NEWS: Royal Mail to issue Sir Nicky Winton stamp after 105,000 back campaign

Sir Nicholas Winton, celebrated as "Britain's Schindler" for saving hundreds of children from the Holocaust, will be immortalised on a Royal Mail stamp after a petition attracted more than 105,000 supporters.
Sir Nicholas Winton, celebrated as “Britain’s Schindler” for saving hundreds of children from the Holocaust, will be immortalised on a Royal Mail stamp after a petition attracted more than 105,000 supporters.

A man celebrated as “Britain’s Schindler” for saving hundreds of children from the Holocaust will be immortalised on a Royal Mail stamp after a petition attracted more than 105,000 supporters.

Campaigners had called for Sir Nicholas Winton, who arranged for eight trains to carry 669 mainly Jewish children from Nazi-occupied Czechoslovakia to London in 1939, to be honoured with a commemorative postage stamp.

A change.org petition, launched by Jewish News’ editor Richard Ferrer and news editor Justin Cohen, argued the stamp would be a “fitting tribute” to Sir Nicholas, who died last month aged 106. It received over 105,800 signatures, including Chief Rabbi Ephraim Mirvis, Conservative ex-minister Eric Pickles and Birmingham Edgbaston Labour MP Gisela Stuart.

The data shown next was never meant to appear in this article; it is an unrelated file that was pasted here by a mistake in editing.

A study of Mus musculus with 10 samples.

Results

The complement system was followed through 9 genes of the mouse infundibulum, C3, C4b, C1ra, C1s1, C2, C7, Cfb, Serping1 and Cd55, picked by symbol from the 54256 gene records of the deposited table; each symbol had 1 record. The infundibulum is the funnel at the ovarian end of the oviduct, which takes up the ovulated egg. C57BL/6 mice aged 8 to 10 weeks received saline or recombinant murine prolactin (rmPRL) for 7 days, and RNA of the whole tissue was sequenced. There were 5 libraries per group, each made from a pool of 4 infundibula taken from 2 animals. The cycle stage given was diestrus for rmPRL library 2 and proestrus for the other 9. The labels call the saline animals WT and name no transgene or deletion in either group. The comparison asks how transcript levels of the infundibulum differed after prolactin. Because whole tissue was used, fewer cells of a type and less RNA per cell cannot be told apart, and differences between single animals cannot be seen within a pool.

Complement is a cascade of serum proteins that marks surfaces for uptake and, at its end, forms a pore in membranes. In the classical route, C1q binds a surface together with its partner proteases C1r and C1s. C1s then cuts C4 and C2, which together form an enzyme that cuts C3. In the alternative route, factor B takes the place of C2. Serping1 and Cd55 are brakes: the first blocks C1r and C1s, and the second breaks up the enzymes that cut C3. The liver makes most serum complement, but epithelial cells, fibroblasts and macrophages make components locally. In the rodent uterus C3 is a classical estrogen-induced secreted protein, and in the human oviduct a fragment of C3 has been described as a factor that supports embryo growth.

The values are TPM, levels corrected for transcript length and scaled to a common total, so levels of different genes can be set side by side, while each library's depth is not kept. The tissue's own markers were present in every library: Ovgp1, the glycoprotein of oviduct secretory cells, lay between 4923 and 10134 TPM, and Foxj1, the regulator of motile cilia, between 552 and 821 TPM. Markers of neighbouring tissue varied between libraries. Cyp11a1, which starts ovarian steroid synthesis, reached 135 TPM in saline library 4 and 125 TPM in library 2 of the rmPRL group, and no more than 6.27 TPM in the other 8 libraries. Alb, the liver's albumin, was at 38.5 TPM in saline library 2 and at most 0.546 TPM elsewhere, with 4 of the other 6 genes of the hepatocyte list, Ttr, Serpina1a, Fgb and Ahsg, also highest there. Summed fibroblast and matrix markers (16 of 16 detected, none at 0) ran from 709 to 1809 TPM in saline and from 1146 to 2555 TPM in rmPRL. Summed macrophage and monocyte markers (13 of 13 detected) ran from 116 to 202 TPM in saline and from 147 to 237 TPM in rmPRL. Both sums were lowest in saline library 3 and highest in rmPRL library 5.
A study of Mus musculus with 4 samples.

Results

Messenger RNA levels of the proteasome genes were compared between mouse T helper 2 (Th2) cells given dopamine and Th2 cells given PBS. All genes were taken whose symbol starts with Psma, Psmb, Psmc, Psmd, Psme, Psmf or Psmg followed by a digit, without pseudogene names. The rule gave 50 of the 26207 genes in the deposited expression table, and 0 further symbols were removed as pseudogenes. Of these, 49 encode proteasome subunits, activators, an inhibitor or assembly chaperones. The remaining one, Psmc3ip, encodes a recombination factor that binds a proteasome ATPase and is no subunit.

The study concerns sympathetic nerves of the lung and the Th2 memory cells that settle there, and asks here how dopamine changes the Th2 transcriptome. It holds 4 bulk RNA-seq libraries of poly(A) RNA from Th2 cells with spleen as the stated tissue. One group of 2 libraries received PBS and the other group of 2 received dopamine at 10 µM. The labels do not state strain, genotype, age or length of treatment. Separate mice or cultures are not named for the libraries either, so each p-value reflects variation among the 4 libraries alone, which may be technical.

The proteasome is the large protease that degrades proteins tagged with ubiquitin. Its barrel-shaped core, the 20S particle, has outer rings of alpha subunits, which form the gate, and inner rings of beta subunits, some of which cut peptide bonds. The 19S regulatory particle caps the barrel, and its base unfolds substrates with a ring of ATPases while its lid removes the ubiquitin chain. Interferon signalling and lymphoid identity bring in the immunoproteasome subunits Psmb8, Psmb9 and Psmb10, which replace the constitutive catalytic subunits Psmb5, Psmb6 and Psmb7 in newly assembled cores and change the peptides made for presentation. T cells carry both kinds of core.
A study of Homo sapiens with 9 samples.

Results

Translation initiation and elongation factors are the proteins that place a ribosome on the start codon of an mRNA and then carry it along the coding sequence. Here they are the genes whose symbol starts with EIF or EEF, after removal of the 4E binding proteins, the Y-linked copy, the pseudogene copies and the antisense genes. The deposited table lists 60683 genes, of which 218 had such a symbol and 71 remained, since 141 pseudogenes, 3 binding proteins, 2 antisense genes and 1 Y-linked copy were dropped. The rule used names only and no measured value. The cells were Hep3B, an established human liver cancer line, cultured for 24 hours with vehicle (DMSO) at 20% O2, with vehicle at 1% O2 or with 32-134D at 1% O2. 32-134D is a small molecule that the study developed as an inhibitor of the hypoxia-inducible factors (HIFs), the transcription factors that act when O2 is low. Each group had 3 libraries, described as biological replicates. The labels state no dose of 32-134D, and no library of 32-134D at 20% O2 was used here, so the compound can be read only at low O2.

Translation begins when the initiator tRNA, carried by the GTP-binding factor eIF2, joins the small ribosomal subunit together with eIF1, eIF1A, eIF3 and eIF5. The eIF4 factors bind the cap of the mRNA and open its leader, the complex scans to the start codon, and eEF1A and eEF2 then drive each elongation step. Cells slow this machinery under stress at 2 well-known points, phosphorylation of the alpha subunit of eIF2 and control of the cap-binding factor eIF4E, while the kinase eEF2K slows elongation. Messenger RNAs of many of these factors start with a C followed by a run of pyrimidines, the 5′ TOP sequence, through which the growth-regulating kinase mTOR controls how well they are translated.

A spokeswoman for Royal Mail said it was “pretty clear” that Sir Nicholas was a “worthy candidate” to be featured in a commemorative stamp set.

She said: “One of the purposes of Royal Mail stamps is to honour those who have made important contributions to the UK, and every year we consider hundreds of subjects for inclusion. It is clear that Sir Nicholas Winton is a worthy candidate.

“Now we have consulted with his family, we are delighted to confirm our intention to feature Sir Nicholas on a stamp as part of a commemorative set, subject to the appropriate approvals, in 2016. The details will be confirmed in due course.”

Sir Nicholas, from a German-Jewish family, told no one about his pre-war efforts for half a century, even to his wife.

He was reunited with some of the children on Esther Rantzen’s That’s Life TV programme in 1988, after his wife Grete found an old briefcase in the attic with lists of children and letters from their parents.